Today, we’re talking about Mini Mango Galettes. Every season ushers in its own particular fruits and vegetables. Summer in India sees a mind-boggling variety of sweet, succulent mangoes taking over the markets. India has varying climatic zones as one moves from one end of the country to another. This means that summer starts sometime in March in South India and ends in June/ July in the North. Everyone has their own favourite fruit, and mangoes are most definitely ours.
Every summer I get a touch of mango fever. It’s something that is cured only by consumption of mangoes in various forms. In my traditional Palakkad Iyer cuisine, the mango has a very important place. We cook with both raw and ripe mangoes in so many different ways, though hardly any of them are sweet dishes. All over India, when magoes arrive we pickle them, dry them, convert them to chutneys and jams and cook them into curries.
It is the tail end of the summer in the south but the northern parts of India will continue to enjoy it a little longer. This means we can look forward to mangoes coming to us from those regions even though the rains are here.
I was talking to Meeta the other day about her mango mousse and I was reminded I needed to make the most of the remaining mango season. As I mentioned earlier, our traditional recipes are rarely about using mangoes in sweet dishes. The West however, uses mangoes mostly in desserts. I have tried quite a few of these with mangoes.
I had bookmarked some recipes to bake using mangoes. This was the time to do so.One of bookmarked recipes was Mark‘s Mango Galettes. He and Lisa have a project where they bake from the Tartine cookbook . The Mango Galettes were part of that.
Galette comes from the French word “galet” which means a smooth, flat pebble. So traditionally, any flat, round pastry, cookies, even crêpes or cake could be a Galette. Today, Galettesa are rustic looking, free-form tarts made with a single pastry crust, usually filled with fruit. When the filling is moist, the sides of the Galette are usually folded over to prevent them from leaking out. Otherwise, the pastry edges are crimped or left as they are.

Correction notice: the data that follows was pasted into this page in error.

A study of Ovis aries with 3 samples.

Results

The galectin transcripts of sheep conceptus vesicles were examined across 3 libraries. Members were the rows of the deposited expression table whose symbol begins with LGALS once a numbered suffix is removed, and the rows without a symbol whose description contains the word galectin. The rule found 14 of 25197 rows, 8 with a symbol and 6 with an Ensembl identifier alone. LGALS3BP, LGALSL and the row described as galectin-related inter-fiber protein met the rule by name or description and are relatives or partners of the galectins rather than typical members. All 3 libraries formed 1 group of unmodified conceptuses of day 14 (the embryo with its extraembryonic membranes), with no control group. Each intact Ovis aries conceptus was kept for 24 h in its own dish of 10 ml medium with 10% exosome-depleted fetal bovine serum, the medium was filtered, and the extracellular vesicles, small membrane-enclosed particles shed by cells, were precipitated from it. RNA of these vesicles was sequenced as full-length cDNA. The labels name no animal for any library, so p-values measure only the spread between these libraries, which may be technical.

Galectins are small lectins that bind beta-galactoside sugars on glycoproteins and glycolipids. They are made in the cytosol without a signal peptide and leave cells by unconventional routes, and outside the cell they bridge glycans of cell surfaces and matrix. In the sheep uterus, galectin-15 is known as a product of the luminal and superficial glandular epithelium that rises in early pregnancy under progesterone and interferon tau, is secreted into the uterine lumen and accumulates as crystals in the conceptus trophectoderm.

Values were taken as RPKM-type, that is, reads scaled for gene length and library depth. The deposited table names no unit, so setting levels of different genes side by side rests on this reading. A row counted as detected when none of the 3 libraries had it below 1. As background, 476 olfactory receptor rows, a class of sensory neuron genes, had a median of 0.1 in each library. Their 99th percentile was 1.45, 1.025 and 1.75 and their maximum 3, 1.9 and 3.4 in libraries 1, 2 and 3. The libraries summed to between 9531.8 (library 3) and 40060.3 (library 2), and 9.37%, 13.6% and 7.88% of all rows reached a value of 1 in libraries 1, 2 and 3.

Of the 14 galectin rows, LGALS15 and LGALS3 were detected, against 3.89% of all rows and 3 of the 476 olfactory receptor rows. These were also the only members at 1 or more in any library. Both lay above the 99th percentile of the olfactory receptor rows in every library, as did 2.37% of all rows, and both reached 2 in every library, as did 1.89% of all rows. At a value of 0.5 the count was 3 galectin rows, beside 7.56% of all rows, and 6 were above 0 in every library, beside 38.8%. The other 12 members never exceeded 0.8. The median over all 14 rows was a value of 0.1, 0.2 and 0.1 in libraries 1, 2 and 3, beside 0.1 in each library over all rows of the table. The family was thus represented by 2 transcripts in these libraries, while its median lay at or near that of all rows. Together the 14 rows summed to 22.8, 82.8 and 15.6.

I adapted Mark’s recipe to suit our tastes and make three Mini Mango Galettes. Indians will tell you that mango and cardamom make and an unbeatable combination. So I spiced up the mango filling with cardamom, some cinnamon and cloves. These spices tend to enhance the taste of mangoes in desserts. I used brown sugar and left out egg altogether.
We all like the crust in pies, galettes and the like as much as we like the filling. Making Mini Mango Galettes meant that we each got a hefty portion of crust as well. Mini Galettes also mean prettier small portion dessert without the mess of having to cut into a larger one. Also a Galette doesn’t require any special bakeware so making smaller ones is easy.
The crust can get soggy on the inside from the wet fruit filling. Some people brush the crust with egg white before putting the fruit in. We don’t like the taste of egg being so obvious. I prefer to use cookie crumbs to line the base. I also brush melted chocolate or thinnned apricot jam depending on the recipe.
Please note that this recipe has been updated with text and images.